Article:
Finding Beauty in Vanishing Baltimore

Exaggerated lines and cartoonish incongruities mark Leslie Schwing's pencil and pastel renderings of Baltimore.

By Phil Andrews | Posted 4/18/2001

Vanishing Points

Craig Flinner Contemporary Gallery through April 30

Leslie Schwing and Greg Fletcher paint and draw destruction. Many of the couple's favorite subjects are slated for demolition or are already partly reduced to rubble. Seeing their new exhibit at the Craig Flinner Contemporary Gallery in Mount Vernon, you'd think that dilapidated rowhouses were the city's most precious resource--and you might be right.

Fletcher's oil technique recalls the Ashcan School of the 1920s and the work of Edward Hopper, whose experimentation with angles and shades of light finds new resonance in Fletcher's expressive shadows and subdued lighting. Much of Fletcher's work depicts the light of early morning or the hours just before dusk, when the sun's effect is most striking.

The centerpiece of Fletcher's portion of the show is the "Ghost" series, eight oil paintings documenting buildings in the 1400 block of East Baltimore Streets only weeks before their demolition. A sense of deep serenity--the calm before death--radiates from the subdued color palette and expressive shadows. The artist captures the fullness of light, and though the deteriorating rowhouses are unoccupied, they are by no means empty. The rooftops sag with age and the buildings hold countless tales of those who have passed through them. In one of the series' paintings, "Crows," impossibly long early-morning shadows splash a bird's beak over the facade. "Ghost Demolition," in beautiful pastels, shows the onset of mechanical intervention: a home stripped of its outer covering, brilliant streaks of light dancing through its dust, nearly corporeal in their solidity. The abandoned storefront in "Rittehoff Plumbing & Hardware" also emphasizes the spiritual quality of light, hinting at the subject's old Baltimore history through faded signs rendered by thick brush strokes and shaded by deep, solid shadows.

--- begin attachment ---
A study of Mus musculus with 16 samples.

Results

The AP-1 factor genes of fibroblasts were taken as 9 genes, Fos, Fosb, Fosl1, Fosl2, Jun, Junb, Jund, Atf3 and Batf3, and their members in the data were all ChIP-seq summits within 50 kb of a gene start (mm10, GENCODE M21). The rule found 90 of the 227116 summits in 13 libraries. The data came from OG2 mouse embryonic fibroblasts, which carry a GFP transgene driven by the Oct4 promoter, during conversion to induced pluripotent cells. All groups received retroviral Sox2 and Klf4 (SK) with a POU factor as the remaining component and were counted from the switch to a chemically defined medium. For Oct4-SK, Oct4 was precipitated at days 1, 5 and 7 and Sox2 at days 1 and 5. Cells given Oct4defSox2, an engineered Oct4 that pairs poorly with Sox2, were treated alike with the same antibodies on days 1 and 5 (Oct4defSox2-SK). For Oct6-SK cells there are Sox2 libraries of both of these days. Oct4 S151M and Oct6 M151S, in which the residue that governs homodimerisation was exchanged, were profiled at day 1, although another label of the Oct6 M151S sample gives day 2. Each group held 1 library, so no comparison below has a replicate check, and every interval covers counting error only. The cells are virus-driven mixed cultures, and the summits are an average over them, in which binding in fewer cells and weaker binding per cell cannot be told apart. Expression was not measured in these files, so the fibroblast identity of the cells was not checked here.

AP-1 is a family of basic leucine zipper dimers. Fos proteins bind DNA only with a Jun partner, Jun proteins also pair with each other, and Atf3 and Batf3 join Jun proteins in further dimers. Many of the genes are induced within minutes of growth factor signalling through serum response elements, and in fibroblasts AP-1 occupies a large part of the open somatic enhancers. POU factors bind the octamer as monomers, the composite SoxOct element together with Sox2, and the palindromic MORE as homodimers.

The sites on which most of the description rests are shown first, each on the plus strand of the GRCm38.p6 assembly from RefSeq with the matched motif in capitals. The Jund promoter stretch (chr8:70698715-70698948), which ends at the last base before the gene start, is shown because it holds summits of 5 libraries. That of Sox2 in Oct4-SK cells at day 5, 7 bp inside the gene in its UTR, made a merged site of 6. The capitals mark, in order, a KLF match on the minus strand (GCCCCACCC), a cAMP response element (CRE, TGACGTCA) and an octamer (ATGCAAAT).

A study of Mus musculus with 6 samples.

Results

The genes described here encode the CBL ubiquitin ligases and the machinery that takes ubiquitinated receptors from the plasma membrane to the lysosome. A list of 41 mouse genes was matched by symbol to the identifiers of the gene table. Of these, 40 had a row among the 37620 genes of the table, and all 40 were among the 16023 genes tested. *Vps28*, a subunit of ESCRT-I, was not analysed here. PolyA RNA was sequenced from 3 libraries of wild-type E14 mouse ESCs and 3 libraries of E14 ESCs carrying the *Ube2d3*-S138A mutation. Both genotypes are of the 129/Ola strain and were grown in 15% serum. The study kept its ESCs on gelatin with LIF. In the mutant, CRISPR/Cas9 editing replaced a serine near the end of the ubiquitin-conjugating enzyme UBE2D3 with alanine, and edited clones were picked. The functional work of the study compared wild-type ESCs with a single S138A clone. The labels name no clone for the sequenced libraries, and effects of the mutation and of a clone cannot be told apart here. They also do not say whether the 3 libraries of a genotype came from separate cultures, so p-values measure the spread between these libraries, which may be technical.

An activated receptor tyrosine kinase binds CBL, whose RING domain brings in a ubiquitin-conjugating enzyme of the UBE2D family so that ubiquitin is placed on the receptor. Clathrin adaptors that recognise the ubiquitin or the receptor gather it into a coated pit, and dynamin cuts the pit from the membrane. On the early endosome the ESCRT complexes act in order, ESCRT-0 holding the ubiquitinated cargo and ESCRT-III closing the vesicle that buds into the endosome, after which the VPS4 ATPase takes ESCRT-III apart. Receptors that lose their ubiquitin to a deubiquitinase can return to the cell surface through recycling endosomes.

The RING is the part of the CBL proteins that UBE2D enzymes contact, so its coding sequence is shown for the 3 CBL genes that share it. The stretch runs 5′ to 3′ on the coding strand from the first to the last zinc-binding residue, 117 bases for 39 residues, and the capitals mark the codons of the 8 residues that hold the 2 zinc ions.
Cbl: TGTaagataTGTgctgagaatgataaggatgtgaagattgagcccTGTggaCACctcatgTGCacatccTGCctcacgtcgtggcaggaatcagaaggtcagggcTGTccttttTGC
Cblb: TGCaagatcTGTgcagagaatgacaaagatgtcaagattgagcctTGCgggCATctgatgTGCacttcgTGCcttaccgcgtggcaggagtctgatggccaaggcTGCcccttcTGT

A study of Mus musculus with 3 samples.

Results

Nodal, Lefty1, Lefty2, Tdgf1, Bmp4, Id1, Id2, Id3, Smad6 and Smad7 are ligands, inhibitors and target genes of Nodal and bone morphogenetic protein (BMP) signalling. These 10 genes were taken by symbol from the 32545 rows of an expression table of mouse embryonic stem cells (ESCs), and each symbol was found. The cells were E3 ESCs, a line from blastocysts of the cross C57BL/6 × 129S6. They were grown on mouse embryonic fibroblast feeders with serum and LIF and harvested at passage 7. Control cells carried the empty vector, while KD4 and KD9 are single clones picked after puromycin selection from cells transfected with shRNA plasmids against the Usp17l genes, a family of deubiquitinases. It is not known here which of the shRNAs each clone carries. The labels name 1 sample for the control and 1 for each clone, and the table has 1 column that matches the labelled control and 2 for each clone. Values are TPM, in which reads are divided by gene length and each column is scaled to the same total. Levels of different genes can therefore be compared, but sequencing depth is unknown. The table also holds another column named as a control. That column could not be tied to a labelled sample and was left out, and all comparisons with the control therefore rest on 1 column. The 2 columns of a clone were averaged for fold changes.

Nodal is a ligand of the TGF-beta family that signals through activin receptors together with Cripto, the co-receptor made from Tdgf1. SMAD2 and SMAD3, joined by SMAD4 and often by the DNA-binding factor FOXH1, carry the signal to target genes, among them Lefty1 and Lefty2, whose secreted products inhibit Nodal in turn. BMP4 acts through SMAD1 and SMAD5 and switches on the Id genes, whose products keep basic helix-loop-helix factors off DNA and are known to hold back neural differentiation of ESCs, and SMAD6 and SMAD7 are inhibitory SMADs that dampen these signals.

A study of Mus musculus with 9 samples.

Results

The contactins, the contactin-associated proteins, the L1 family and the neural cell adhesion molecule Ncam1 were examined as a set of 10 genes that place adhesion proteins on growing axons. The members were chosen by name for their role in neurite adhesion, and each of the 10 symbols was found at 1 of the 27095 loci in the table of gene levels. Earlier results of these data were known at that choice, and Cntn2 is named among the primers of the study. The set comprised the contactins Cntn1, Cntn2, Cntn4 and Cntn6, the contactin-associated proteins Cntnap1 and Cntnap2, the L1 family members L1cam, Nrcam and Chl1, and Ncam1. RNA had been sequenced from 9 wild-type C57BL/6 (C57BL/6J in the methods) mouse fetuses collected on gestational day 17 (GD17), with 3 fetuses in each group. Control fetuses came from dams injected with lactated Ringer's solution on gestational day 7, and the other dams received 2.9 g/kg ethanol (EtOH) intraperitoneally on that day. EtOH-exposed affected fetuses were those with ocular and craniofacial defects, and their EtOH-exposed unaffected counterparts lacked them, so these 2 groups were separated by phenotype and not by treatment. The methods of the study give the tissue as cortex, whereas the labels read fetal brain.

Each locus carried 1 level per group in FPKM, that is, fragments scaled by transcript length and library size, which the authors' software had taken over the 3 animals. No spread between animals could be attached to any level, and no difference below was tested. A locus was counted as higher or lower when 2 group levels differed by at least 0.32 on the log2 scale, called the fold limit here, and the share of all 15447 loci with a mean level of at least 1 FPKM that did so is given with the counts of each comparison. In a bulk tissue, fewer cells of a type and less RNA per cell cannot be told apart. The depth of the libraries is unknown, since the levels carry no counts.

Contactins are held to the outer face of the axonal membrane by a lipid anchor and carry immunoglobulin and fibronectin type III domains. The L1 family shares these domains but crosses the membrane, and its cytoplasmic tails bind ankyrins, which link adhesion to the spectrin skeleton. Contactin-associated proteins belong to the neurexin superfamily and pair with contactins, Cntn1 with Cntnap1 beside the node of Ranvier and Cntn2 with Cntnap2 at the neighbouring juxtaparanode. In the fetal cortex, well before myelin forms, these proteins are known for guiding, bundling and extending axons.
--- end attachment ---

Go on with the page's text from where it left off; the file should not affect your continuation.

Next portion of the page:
It's impossible to ignore the presence of life in these scenes of decay. Piles of rubble, lovingly rendered by generous impressionistic strokes, complete a cycle of destruction more natural than tragic. There's an undeniable rhythm unique to each piece: the swaying, angled lines of shadow and brick; the arched rooftops reflected in the swirls of cloud and sky. Though devoid of overt religious themes, crosses of wood and old utility poles suggest omniscience in the light that fills Fletcher's world.

Before moving to Baltimore and meeting lifelong resident Fletcher, Leslie Schwing mostly depicted the mythical landscapes of her own imagination. This mysticism still seeps through the dusty cracks in her depictions of rowhouses and steeples. It's expressed in "The General's Ride," a striking pastel of Greenmount Cemetery, where serene graves lay beneath stately crosses and angelic statuary glowing in late sunlight. Near the horizon, lines of rowhouses and tall buildings creep over the jagged walls that separate the city of the living from this community of the dead.

Schwing's prefers to work with dry media, such as pencils and pastels, but her style is complex and full of character. Layer upon of layer of strokes add depth and shade to the brick and sky. Her work is intricate, and she favors exaggerated, angular lines, often nearly cartoonish in their visual incongruities. She recalls a darker, more mystical Baltimore.

But besides the concerted effort to document threatened cityscapes, the essential element of Fletcher's and Schwing's work is partnership. Nearly all the pieces in the show were created on the frequent walks the two take around town. And to see their work side by side testifies not only to their affinity for Baltimore, but for each other.